Its been forever since I have posted something due to various reasons – buying and selling homes, moving, settling-in, work, no notable trips, and just life in general 🙂 However, I need and want to get back to some blogging. I need to play catch-up a bit. Last weekend I finally got back into my beloved Gore and climbed a line I had spied 2 years ago while deep in the remote South Rock Creek drainage below Valhalla Peak’s east face. This is the location of the beautiful Asgard Meadows flanked by Vahalla’s two eastern ridges: the north being the infamous Asgard Ridge and the southern being the locations of Loki, Thor, & Freya Towers.
I recruited my super strong, young, triathlete buddy, Dylan Friday to go with me and he was excited as well. Dylan hasn’t led anything in his life (yet), but he would follow me up anything and is a great partner. We left the North Rock Creek TH around 6:15am and did the normal approach via the southern flank of Asgard Ridge into Asgard Meadows in about 2-1/2 hours with loaded packs of climbing gear.
So, close to 2 years ago, after Ryan Marsters, Mike Santoro, & myself made the first ascent of Freya’s east ridge, we contoured around to the south of Thor Tower to head up and climb Stan Wagon’s western 5.6 route up Thor. Upon our contouring, I spied a nifty, clean-looking dihedral on Thor’s south face that grabbed my attention. I knew I had to go back and try and climb this line.
Dylan and I scrambled our way up to the Freya/Thor col and then scrambled around to the south to the base of the dihedral. The base of the dihedral was full of snow, so we decided to scramble up some 4th class/low 5th solid rock to the left to gain a small ledge 40′ up to begin the actual climbing.
We reached a small ledge and racked up. Dylan, being the strong ox he is, put my backpack in his backpack on his back to lighten my load significantly. I took off up our 1st pitch on some fun 5.7 climbing for the first 50′ or so placing two pieces. One thing I do look for in lines to climb is always the objective danger, i.e. falling rocks, and one of the alluring aspects of this dihedral was the apparent absence of potential rockfall. There were a few 5.8 moves and then a nice section of 20-30′ of 5.9 climbing towards the end of our first pitch involving some finger layback moves. I was running out of rope and looked up ahead, but there were no obvious belay spots with the upcoming roof crux. I wasn’t on a great ledge or anything, but figured it would do since I had a good crack to build my anchor to the left and at least a few tiny ledges to put my feet on.
I put Dylan on belay and he followed up pitch 1 cleaning my gear. He really climbed well especially given his loaded backpack.
Dylan reached me, swapped the cleaned gear back over to me, and he put me on belay for the seemingly harder pitch 2. I was hoping and pretty sure I could reach the ridge crest of Thor and set up a belay.
The first 30′ off the belay was some interesting and thought-provoking 5.10 climbing. Especially getting into the dihedral and stemming below the roof and pulling the roof into a super thin seam where I could only get a nut to protect the moves. The right face was slick, lichen-filled granite, which didn’t inspire confidence when laybacking. All in all, I did it clean and made my way onto easier climbing above and moved right to the base of a pillar. I placed a small 0.5 cam at the base of the pillar, slung it, and climbed up maybe 5.7 rock for a good 25′ feet before getting another cam in a solid crack to the left. I reached the ridge after another 10′ of climbing and set up a belay. Dylan climbed it well and reached me at the ridge.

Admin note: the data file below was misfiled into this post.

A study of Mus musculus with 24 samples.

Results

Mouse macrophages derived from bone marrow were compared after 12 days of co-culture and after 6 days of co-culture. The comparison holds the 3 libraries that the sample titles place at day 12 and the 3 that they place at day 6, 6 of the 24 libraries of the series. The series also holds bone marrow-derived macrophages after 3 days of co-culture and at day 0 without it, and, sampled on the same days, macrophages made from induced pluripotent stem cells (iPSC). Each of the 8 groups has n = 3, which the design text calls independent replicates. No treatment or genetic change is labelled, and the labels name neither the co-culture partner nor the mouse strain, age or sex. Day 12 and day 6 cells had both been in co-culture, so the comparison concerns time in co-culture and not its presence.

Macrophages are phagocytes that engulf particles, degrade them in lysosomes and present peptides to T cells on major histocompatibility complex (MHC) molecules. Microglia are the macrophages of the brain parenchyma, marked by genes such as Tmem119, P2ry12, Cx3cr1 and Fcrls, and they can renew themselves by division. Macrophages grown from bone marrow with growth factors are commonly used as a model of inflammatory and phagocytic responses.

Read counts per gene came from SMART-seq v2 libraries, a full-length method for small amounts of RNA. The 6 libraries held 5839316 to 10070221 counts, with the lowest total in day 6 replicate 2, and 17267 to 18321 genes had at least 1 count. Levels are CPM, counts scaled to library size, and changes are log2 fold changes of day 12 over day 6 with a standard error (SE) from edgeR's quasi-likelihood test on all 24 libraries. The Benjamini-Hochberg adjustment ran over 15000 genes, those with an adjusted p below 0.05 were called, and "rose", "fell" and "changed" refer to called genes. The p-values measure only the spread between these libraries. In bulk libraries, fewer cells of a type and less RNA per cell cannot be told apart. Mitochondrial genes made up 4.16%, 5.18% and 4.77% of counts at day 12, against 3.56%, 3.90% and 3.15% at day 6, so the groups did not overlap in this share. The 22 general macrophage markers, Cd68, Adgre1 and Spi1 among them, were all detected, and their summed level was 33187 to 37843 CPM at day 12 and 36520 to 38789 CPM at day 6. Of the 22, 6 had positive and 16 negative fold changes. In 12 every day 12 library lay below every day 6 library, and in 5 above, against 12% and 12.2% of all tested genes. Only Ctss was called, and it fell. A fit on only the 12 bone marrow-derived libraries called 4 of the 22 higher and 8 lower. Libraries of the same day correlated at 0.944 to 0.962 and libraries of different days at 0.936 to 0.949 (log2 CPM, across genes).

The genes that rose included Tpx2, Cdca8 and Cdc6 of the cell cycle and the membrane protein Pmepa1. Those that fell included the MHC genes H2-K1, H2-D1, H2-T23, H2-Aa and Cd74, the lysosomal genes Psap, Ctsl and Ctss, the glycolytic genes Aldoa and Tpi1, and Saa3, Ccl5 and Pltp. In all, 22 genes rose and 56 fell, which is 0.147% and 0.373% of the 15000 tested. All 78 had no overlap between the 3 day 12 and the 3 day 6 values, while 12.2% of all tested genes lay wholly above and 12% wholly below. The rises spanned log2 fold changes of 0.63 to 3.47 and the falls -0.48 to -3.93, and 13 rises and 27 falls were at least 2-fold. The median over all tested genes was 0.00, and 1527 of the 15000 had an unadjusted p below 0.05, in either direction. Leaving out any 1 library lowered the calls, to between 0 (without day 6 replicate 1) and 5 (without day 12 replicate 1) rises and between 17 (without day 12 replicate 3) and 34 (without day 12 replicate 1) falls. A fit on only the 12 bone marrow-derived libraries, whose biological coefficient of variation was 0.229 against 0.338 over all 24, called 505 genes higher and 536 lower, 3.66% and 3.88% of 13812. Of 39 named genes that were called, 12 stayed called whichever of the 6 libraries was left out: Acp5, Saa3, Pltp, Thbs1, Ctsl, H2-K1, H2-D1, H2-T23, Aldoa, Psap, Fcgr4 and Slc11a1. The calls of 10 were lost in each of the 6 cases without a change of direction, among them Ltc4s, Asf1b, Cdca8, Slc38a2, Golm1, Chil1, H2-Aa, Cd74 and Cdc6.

The terrain from the top of pitch 2 to the east looked a bit spicy, so I kept the rope on and led out and up to the east across some 5th class terrain. I didn’t place any gear, but soon reached much easier terrain on the ridge crest and belayed Dylan up to me. Just not wanting to de-rope and all I just continued onto the summit and Dylan followed me.
Once on the summit, we took in the views and opened the small summit cannister where Stan’s business card and a patch from father’s and my made-up “Chalk Hill Expeditions”. I would highly doubt anyone had been up here in the 2 years since I was last here – at least there was no evidence that I could find.
We then descended a bit down to Stan’s rappel webbing and I threw our rope down to rappel.
We then stowed the rope and our climbing gear and traded our TC pros for Hokas. The descent down the north from the small col was loose as always but relatively short-lived until we reached what I have come to call “Asgard Lake”. Its a beautiful, completely clear, glacial blue lake.
Making our way down the boulderfields and back through Asgard Meadows was a treat and then we ascended back up to the southern flank of Asgard Ridge. We made it back to my car by 3:30pm for a roundtrip time of 9 hrs and 15 minutes. This was a great day and I’m so grateful that it worked out. Always nice when things come together. Special thanks to Dylan for partnering up with me for this adventure. On the way out, Dylan was asking me what a “dihedral’ really stood for and I explained essentially it was a rock feature in the shape of an “open book”. Then, he suggested “why don’t we call the route ‘Book of Thor’?” Perfect. Book of Thor (5.10) it is.